Panel: Townships would benefit from regional approach on issues

Michael Bradwell
Observer Reporter

Three of Washington County’s township managers said Friday they speak frequently with their counterparts in other townships and often enter into cooperative agreements to purchase goods and services and to share equipment.

But the trio, featured in a panel discussion at the monthly breakfast meeting of the Washington County Chamber of Commerce, said they would like to see all of the county’s municipalities be a part of a bigger picture represented by a regional plan.

“Our improvements don’t end at our municipal borders, and our problems don’t end at our municipal borders,” said Chartiers Township Manager Jodi Noble, who participated with Tyler Linck, manager of South Franklin Township, and Paul Lauer, Peters Township’s manager.

The discussion was moderated by state Rep. Brandon Neuman, D-North Strabane.

Linck said South Franklin has agreements with Amwell, Buffalo, Blaine and Donegal townships, participating in bids for road materials and sharing equipment and sometimes operators when they do road work.

If a fire occurs at a Peters home, Lauer said, “it’s probably going to be Peters and North Strabane fire trucks in your driveway.”

But the managers agreed that municipalities here would benefit from a regional approach that would eliminate some of the fragmentation that exists among them.

The call for a regional approach also came when Neuman asked how they were dealing with the opioid crisis.

Linck said after several used hypodermic needles were found 18 months ago in the township’s park, supervisors installed lights and security cameras.

“We’ve seen a significant decrease in randomly parked cars in the lot,” he said.

Lauer noted since early 2016, there have been 39 incidents in Peters Township in which ambulance services dealt with overdoses. “Twenty-four of those incidents involved heroin use,” Lauer said, adding two overdoses resulted in death.

He added the township supports drug education programs in its schools as well as discussions on drug abuse for the public in its library.

“We need to take a regional approach in dealing with the opioid crisis in Western Pennsylvania,” he said, referencing a University of Pittsburgh study that had the input of David Hickton, former U.S. attorney for the Pittsburgh region, as well as Washington County District Attorney Gene Vittone.

Supervisors also looked beyond their boundaries when Neuman asked if there were any projects related to economic development they would emulate.

Noble, who said infrastructure is key to improving economic conditions, referred to the Southern Beltway project that, when completed, will provide a connector between the county and Pittsburgh International Airport.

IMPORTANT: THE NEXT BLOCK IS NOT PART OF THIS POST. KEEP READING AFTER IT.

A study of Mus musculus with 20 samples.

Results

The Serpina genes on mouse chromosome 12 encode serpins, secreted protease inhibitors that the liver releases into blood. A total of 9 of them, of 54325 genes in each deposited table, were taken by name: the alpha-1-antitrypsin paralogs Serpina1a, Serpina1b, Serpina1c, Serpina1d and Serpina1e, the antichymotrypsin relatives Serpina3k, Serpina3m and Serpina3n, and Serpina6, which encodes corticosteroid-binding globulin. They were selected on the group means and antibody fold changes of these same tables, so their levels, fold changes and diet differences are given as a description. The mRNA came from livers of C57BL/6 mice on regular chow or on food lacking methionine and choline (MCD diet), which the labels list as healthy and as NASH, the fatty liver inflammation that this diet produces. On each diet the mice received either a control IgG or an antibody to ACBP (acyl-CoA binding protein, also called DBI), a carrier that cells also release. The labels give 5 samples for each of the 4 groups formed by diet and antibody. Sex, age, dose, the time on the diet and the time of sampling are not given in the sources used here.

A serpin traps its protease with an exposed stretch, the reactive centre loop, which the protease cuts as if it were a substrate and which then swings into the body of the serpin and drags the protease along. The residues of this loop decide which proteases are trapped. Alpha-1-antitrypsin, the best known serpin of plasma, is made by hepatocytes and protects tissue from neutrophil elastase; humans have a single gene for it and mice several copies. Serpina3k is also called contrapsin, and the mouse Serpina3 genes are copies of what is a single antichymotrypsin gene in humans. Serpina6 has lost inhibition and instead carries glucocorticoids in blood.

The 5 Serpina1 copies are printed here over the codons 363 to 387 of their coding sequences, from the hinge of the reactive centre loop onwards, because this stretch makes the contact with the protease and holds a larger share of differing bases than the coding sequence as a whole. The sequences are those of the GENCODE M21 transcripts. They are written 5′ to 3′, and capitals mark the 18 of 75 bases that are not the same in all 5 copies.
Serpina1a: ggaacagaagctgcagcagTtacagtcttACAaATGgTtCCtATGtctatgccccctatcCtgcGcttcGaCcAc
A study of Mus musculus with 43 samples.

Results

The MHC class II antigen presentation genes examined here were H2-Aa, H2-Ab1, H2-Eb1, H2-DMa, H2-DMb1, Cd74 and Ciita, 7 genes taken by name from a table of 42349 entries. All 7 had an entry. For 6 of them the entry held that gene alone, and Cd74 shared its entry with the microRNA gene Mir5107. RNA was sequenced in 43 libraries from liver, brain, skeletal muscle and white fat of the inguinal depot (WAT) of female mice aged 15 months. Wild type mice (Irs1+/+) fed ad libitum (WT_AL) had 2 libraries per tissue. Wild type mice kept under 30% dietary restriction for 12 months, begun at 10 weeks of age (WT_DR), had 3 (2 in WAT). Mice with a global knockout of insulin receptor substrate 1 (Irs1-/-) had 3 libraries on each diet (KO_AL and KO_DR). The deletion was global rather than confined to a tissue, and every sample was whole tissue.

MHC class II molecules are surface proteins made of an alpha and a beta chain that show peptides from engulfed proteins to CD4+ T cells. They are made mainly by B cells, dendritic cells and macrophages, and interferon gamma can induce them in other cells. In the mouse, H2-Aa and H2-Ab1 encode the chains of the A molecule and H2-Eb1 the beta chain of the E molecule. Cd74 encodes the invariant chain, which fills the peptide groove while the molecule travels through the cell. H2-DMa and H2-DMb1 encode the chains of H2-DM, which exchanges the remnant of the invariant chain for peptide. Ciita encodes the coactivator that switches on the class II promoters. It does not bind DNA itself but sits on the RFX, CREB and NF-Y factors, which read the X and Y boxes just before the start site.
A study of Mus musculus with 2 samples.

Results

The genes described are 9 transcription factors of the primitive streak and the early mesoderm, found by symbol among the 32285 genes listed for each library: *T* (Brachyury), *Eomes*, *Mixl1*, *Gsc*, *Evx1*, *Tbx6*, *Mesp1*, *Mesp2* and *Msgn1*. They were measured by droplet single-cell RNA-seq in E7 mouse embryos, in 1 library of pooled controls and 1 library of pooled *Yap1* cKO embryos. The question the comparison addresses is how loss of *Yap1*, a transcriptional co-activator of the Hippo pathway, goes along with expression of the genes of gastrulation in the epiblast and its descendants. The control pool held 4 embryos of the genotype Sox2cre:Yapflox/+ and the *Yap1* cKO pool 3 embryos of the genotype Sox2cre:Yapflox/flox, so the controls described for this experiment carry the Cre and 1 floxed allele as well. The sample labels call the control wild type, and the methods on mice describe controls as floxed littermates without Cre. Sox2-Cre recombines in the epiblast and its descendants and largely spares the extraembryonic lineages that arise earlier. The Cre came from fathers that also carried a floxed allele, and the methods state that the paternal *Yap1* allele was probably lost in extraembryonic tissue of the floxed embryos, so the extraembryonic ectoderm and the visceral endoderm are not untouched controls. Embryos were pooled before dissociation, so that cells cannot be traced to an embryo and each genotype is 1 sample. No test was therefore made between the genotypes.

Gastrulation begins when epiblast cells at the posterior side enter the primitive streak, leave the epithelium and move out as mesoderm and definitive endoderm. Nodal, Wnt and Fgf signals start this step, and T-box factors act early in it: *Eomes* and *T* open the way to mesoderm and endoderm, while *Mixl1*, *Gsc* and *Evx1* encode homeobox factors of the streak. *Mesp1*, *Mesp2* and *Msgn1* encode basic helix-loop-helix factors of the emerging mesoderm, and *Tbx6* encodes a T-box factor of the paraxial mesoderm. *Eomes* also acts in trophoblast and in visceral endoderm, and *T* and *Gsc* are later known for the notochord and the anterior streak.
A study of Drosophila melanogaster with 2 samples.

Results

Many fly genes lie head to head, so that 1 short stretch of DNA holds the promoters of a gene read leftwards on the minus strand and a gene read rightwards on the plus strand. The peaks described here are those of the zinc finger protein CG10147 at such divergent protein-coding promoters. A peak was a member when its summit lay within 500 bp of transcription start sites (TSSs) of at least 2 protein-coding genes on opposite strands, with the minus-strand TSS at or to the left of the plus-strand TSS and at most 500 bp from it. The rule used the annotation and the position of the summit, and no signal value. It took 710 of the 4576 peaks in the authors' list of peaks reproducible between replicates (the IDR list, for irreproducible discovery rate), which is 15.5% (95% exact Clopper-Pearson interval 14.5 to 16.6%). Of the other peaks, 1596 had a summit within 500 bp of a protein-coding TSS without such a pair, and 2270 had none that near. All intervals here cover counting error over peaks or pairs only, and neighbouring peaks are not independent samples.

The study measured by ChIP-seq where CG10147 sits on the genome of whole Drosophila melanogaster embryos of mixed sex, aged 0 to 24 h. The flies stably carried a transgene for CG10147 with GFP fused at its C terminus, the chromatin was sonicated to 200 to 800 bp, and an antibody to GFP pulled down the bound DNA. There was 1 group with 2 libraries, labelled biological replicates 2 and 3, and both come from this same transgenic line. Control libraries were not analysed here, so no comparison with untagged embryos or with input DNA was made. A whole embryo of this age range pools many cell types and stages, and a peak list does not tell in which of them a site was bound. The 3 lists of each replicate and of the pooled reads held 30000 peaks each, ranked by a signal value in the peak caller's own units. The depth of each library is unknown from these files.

More locally, Noble said the township worked with Range Resources to improve Allison Hollow Road and wants to add water and sewer lines.

Linck said South Franklin is trying to raise $10 million to address a lack of sewerage.

Noting 90 percent of Washington County Airport is in his township, he said, “We need to get sewage lines to the airport.”

Lauer agreed a highway connection from the county to Pittsburgh International represents one of the largest economic development opportunities, but said more attention needs to be given to making connections to the Route 19 corridor.

All three managers agreed on their views on the Local Share Account money provided by The Meadows Casino.

Local share funding last year was declared unconstitutional by the state Supreme Court, which asked legislators to find a more equitable funding scheme.

“The (original) deal was struck between Pennsylvania and the people who have these licenses,” Lauer said. “The casino in Washington County is located in Washington County, and the beneficiaries need to be here.”

The trio also agreed their opportunities to access funds through the county’s vetting process enable them to take on projects they otherwise couldn’t do.

Noble noted Chartiers Township Community Center, where Friday’s event was held, was an LSA recipient.

“We can’t do capital infrastructure projects without these other funding sources,” she added.

The panel held the same view when asked about Gov. Tom Wolf’s proposal to enact a severance tax on gas drillers, which could affect impact fee payments.

Linck noted South Franklin has received $1.5 million from Act 13 impact fees over the years. He said the money has been used to replace some of the township’s decades-old concrete roads.

Noble said her township commits impact fees to road upgrades and extending sewage infrastructure.

“If that money goes away, the extension does not happen,” she said.